THE co-founder of Farmers for Yes has hit out following damaging revelations in newly unlocked government files.

The National revealed how declassified Cabinet Office papers show how the Blair administration talked privately about how it could "do the dirty" on Scottish farmers in the midst of a crisis that threatened livelihoods.

Meat prices plummeted in the 1990s in wake of the BSE outbreak and import bans cut producers off from key markets.

With the help of the National Farmers Union Scotland (NFUS), farmers staged public protests urging the Government to help them.

This was just before the first Scottish Parliament elections — and in private, Scottish secretary Donald Dewar, the man who would become the original first minister, was telling Treasury chiefs he was prepared to "take a very tough line indeed with my farmers".

Other files, published by the National Archives, show how senior mandarins praised what they called a Scottish willingness to "hold the line" with farmers, despite a 35% fall in incomes, while one states that the Labour leadership could "do the dirty" on Scottish hill farmers "if it were not for the elections".

Scottish Labour did not respond to the revelations.

The National:

But Farmers for Yes co-founder Jim Fairlie MSP (above), who was a sheep farmer around the time of crisis, says the confidential files reveal how Scots farming is regarded in Westminster.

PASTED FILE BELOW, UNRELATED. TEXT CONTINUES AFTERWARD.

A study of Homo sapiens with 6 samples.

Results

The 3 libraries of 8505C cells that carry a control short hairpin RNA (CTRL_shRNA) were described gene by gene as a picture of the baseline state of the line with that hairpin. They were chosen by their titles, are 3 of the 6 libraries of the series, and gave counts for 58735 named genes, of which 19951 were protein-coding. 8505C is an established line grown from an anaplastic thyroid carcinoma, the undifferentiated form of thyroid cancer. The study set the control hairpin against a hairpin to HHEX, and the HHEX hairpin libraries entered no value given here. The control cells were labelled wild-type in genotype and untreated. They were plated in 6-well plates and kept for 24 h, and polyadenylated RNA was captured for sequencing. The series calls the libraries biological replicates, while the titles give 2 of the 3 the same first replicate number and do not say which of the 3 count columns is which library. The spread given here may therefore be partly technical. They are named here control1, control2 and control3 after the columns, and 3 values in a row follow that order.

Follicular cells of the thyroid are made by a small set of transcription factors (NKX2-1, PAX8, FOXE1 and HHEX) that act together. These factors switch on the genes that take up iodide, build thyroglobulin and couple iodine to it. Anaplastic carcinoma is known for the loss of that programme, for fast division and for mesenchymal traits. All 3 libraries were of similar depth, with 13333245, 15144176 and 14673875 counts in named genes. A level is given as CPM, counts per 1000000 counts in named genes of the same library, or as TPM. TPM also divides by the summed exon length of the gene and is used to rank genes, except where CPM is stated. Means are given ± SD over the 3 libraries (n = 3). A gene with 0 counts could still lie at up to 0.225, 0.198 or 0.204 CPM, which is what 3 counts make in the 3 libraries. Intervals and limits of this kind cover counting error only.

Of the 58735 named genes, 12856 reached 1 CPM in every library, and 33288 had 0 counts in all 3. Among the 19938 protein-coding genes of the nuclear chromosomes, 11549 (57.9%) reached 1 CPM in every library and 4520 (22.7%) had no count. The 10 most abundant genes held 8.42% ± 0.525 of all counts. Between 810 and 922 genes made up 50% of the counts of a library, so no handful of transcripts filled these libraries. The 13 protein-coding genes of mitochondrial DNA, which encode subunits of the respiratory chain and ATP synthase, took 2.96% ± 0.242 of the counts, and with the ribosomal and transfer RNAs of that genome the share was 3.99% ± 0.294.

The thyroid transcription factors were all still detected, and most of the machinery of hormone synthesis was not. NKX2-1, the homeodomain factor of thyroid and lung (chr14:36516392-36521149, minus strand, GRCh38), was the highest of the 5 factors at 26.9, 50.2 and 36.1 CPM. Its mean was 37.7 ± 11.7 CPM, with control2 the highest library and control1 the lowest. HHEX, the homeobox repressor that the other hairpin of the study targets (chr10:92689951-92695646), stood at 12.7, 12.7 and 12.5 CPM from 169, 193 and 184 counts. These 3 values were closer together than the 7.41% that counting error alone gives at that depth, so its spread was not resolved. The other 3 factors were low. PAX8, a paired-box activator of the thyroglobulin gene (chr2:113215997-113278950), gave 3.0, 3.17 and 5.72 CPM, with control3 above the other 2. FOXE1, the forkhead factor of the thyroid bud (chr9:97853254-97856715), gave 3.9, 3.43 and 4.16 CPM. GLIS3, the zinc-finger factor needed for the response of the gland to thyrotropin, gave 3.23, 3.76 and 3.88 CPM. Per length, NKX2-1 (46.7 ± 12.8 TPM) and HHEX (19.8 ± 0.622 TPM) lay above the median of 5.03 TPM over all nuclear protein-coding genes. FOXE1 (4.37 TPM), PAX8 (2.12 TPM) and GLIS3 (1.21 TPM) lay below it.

The Perthshire South and Kinross-shire politician told The National: "Just as Westminster in the 70s saw Scotland's fishing industry as expendable, Westminster in the 1990s viewed Scottish hill farming as expendable. 

"These papers clearly show that Westminster mandarins and ministers will always see Scotland as a nuisance, and as a problem to be dismissively dealt with. 

"This is proof that Scottish farmers and crofters can't trust Labour any more than they can trust the Tories.

"Only independence can give us full control over our resources and powers, allowing us to support all farming sectors, especially the most marginalised hill and upland farming, in the way that benefits our needs and interests."